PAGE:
The manufacturing sector in Australia is watching intently to see whether the Abbott government has anything in its platform that looks like a positive industry policy.
Which way Prime Minister Tony Abbott and Treasurer Joe Hockey jump next will determine whether Australia prospers in coming decades or just becomes a simple dumping ground for the rest of the manufacturing world.
The two Abbott government industry policies we have seen so far unfortunately don't point the way to any sort of future voters would choose if they were presented with a multiple choice question.
One is the time-worn policy of bashing the unions, ostensibly as a means of reducing costs, but really it is an easy way to undermine the Labor Party. Hence we get royal commissions and wilfully inaccurate portrayals of workers' conditions.
The second industry policy is the abolition of "corporate welfare" - at least where blue-collar workers are concerned - and this has produced rapid results.
Three of the world's largest corporations have voted with their feet even though midway through last year two of them were on the verge of investing a combined $1.5 billion in their local operations.
The closing down of the car industry will cost Australia, over the next three years, about 45,000 direct jobs and a large proportion of the 200,000 indirect jobs that partly depend on the industry.
That's a big handicap for any government to make up before it can claim to have grown the economy in any significant way in its first term.
Now the Abbott government has to decide whether to intervene or let laissez-faire economics take its course. The prerequisites for the latter are already in place: there are no goals, no vision for what the Australian economy should look like in 10, 15 or 20 years.
The only settings we see at present appear to be lower living standards for workers through the reduction of working conditions and, where possible, wages, less regulation for companies, more power (sorry, "flexibility") to employers and no restrictions on trade or dumping or price gouging, as practised by many multinational companies in Australia.
It's hardly an agenda to give solace to the nation's workers.
If this is all we are going to get, it seems Australia is destined to continue descending the industrialisation ladder. With no government intervention, Australia could possibly end up somewhere that would be recognisable to students in Economics 101.
What they are taught is that countries should focus on what they do best and let others do the rest. Which is all well and good, except that this looks suspiciously like putting all your eggs in one basket.
The example most often given is that of a Pacific island. It has plenty of coconuts, so it should make copra and import everything else. Except that it doesn't earn enough from copra exports to import everything else, so the standard of living remains low.
In the case of Australia, also a Pacific island, our advantages would appear to lie in agriculture and mining.
We may well be good at agriculture (although Woolworths and Coles can get it cheaper elsewhere), but is it wise to base the future on crops and cattle when you live on the driest continent in the world, the continent that is going to suffer most from climate change?
And mining is no great saviour of the economy. First off, it is mostly foreign owned, so the bulk of the spoils flow offshore. Second, it is the most highly capital intensive industry on the planet and, therefore, offers even fewer jobs than robotised car factories.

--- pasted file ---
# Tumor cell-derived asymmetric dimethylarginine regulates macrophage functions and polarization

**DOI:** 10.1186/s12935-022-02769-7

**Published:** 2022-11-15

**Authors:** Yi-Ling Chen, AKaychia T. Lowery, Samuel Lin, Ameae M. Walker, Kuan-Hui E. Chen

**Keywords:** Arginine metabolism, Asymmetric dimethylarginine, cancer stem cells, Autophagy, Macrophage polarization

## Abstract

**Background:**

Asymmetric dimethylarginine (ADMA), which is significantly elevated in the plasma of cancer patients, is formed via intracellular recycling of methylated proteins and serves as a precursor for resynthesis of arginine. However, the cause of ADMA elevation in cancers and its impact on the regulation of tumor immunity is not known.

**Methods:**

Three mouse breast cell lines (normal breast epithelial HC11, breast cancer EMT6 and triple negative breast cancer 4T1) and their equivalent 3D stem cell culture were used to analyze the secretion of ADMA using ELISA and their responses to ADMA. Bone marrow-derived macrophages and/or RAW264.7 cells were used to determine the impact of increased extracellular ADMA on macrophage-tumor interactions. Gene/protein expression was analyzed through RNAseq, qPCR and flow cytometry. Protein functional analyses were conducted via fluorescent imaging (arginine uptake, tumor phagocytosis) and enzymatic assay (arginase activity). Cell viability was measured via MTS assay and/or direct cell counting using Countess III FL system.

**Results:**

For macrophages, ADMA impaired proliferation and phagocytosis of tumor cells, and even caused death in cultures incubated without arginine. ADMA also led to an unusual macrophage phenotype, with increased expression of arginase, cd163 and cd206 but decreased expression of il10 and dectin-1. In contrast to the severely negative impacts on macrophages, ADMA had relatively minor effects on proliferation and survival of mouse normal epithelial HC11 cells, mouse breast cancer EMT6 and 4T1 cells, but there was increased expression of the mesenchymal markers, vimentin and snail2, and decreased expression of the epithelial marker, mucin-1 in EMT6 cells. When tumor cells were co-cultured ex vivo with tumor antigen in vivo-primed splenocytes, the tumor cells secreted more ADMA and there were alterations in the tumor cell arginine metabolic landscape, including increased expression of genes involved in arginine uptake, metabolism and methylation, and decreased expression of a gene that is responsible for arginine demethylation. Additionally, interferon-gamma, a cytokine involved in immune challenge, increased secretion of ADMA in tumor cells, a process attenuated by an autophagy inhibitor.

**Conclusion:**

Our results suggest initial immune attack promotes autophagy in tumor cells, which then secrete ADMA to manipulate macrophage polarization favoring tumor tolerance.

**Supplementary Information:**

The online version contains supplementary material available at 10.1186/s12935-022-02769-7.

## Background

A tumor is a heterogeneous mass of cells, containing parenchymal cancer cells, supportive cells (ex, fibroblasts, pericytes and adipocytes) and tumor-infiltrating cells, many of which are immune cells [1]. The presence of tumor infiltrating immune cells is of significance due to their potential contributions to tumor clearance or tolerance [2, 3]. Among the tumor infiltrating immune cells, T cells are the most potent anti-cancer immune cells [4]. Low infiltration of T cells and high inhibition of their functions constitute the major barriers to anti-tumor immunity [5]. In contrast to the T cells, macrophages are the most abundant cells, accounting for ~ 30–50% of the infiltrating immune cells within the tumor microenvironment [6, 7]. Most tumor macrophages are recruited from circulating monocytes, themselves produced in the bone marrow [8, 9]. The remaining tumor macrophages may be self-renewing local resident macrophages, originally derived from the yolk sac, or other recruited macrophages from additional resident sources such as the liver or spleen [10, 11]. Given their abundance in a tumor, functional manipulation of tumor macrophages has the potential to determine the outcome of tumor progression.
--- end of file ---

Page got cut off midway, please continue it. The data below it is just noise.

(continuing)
What is required is an industry policy, a framework of legislation that encourages, nurtures and, yes, even protects industries so they get established and build momentum.
This needs to be firmly directed by ministers, not left to bureaucrats.
In recent years we have been treated to the immensely frustrating scenario wherein a cheap and successful automotive industry policy - the cheapest of any automotive assistance policy in the world per capita - was repeatedly undermined by laissez-faire economists in the bureaucracy.
Let's face it. What is the point of assisting the car-makers with $6 billion over 10 years when another department is cutting tariffs to zero, regardless of how strong or weak the currency is.
Zero tariffs were fine for the car industry when the Australian dollar was at US55¢, but the Rudd/Gillard government failed to do anything when the currency soared to parity and beyond, effectively giving the importers up to a 65 per cent subsidy to help put local manufacturers out of business.
The Abbott government finished off the execution with its disgraceful depiction of the car-makers as rent seekers.
And who should take responsibility for the series of "free trade" agreements signed in recent years, deals that laid open the Australian market while bringing no new export opportunities?
Manufacturing will continue to unwind unless the Abbott government acts in Australia's best interest.
It has to act like all the governments of south-east Asia, Europe and the Americas and start by asking: "What is in this for Australia?" We have been shaken down time after time by other countries only too happy to grab our market while not sharing theirs.
Perhaps the biggest danger on this level is the Trans-Pacific Partnership, a proposed trade deal so disruptive that the government will not publish any of the proposals being pushed by corporatist America and others.
Laissez-faire economic battles are won by the biggest companies, the strongest countries.
A smaller country with a population of 23 million has to use legislation and policy to tilt the playing field. Otherwise it will just be trampled.
Ian Porter is a freelance writer and a former business editor of The Age.